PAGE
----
28 points by neom 5 days ago | hide | past | web | favorite | 21 comments

Hope you all remembered to short sesame seed futures.


Joke aside, Italy, Spain and France could get something similar near future

Brown marmorated stinkbugs mentioned in the article are a problem where I live, southeastern US. Somehow they get into the house, then crawl into the light fixtures and die. I always wonder what natural predator is absent when there's an insect pest problem.

Generally the answer to the 'too many bugs' question is always 'not enough birds'. Industrial farming has destroyed most of their habitation, and bird species are in decline almost everywhere [0]. I recently read that insect populations had a brief but rapid population explosion in the post war era due to the decline in bird populations from agricultural habit destruction, until pesticides came about in a big way. So we destroyed the birds habitats, then used pesticides to kill off their main food source (to the point that insect populations have nearly collapsed) [1]. We really went and stuck the knife in as a species.

With insect populations looking to bounce back again with the longer summers and warmer temperatures that the climate crisis is causing, I certainly hope bird populations make a come back with it or we're, excuse the pun, buggered.

[0] https://www.nationalgeographic.com/magazine/2018/09/embark-d... [1] https://www.theguardian.com/environment/2019/feb/10/plummeti...

Apparently in Asia it has a natural predator, the awesomely named samurai wasp. It's a tiny parasitic wasp that lays their eggs in stinkbugs.


Parisitic wasps are some of my favorite insects to learn about as long as they aren't doing any mind control tricks on their hosts.

My favorite is the Megaphragma mymaripenne[1], the adults are said to have reduced the size of 95% of their neuron cells by getting rid of the nucleus.


Honourable mention for the microscopic trichogramma wasp, eater of clothes moth larvae. The Natural History Museum deployed them a few years back to deal with a moth outbreak. Supposedly the most successful way of dealing with an outbreak.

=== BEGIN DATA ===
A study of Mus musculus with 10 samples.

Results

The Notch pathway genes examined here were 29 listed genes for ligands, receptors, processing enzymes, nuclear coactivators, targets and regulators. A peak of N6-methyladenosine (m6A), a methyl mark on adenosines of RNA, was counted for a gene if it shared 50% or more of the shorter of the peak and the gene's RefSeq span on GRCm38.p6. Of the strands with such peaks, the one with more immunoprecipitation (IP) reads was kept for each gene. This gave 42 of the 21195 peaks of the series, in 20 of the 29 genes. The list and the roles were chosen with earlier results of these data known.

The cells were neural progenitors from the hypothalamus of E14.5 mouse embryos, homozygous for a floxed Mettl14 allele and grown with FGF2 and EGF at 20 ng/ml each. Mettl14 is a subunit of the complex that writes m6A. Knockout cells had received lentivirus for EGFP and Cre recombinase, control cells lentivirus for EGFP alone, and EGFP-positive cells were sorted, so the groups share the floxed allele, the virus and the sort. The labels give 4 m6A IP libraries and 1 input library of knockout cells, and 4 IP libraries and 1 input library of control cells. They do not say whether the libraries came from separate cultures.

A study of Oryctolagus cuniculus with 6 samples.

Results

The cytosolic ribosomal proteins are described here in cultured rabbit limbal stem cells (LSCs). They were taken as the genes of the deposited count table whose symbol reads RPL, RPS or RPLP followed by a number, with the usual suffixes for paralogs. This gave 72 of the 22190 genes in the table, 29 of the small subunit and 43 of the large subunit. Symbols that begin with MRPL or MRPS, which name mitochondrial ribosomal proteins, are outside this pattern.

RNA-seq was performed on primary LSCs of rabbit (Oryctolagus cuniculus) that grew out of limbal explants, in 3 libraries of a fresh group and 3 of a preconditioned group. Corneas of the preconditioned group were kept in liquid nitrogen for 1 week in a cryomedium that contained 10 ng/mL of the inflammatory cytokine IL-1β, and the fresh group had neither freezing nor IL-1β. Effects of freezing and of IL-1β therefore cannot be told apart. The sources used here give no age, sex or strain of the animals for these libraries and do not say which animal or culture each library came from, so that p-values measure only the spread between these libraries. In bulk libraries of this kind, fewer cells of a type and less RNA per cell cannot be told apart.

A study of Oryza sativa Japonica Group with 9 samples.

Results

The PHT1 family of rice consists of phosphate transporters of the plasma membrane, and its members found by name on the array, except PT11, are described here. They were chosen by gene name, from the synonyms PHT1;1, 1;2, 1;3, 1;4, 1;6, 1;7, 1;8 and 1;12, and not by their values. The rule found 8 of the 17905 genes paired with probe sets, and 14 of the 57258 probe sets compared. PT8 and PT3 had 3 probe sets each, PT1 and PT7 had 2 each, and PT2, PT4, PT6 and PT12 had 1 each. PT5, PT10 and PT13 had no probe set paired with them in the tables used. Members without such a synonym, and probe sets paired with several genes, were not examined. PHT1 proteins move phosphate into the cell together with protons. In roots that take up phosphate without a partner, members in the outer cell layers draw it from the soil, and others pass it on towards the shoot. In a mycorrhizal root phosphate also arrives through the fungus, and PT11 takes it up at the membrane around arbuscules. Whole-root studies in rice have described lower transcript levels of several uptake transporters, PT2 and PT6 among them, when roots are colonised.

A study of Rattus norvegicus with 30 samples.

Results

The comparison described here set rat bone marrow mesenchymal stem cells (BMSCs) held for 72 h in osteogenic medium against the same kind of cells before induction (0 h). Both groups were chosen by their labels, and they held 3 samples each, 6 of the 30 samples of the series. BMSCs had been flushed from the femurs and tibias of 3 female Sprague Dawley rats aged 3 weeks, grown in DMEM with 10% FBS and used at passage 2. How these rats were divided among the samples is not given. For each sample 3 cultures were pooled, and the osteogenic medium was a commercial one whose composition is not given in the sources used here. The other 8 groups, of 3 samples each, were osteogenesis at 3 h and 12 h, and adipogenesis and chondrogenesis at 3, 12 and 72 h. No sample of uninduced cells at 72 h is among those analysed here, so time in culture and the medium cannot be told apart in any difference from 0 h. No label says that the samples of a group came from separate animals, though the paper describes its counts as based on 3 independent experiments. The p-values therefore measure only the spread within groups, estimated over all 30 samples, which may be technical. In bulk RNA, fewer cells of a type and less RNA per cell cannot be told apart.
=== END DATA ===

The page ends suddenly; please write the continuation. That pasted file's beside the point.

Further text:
I'm scared to ask but why have I never heard about locust plagues in the USA?

North America used to have massive locust swarms back in the 19th century. But...

> The Rocky Mountain locust ranged through the western half of the United States and some western portions of Canada. Sightings often placed their swarms in numbers far larger than any other locust species, with one famous sighting in 1875 estimated at 198,000 square miles (510,000 km2) in size (greater than the area of California), weighing 27.5 million tons and consisting of some 12.5 trillion insects.

> Less than 30 years later, the species was apparently extinct. The last recorded sighting of a live specimen was in 1902 in southern Canada.


I find it fascinating that we dont know how they became extinct. I had originally thought it was simply habitat destruction but that hasn't really be proven at all.

Indeed, some thought it was simply farmers plowing fields or stock grazing, but their origin point were mountain valleys so it doesn't seem their demise would have been as rapid as it actually was.


There's a reason that the Utah state bird is Larus californicus, the California seagull, and a huge statue of it graces Salt Lake City's Temple Square.




From Wikipedia[0]:

> North America is currently the only continent besides Antarctica without a native locust species.

[0] https://en.wikipedia.org/wiki/Locust

Because we accidentally exterminated the Rocky Mountain locusts[0].

[0] Minute Earth - https://www.youtube.com/watch?v=aQ804ztWPNs

We don’t have locusts but down here in the southeast US we have cicadas every dozen or so years.

In fact Cicadas emerge on 7, 13 and 17 year periods.

The theory for this 'prime number' periodic cycle is quite interesting: https://www.abc.net.au/science/articles/2001/11/27/421251.ht...

Thank you, that is fascinating, as is the postscript.

Grasshoppers are pretty nutritious, and didn't the UN want people to use more micro-livestock? Instead of spraying poison everywhere, develop a new market.

Perhaps not everyone, especially Italians, actually want to eat insects

Lobster and shrimp were considered garbage, bottom-feeding poverty food at one time. Let fashion and marketing work their magic.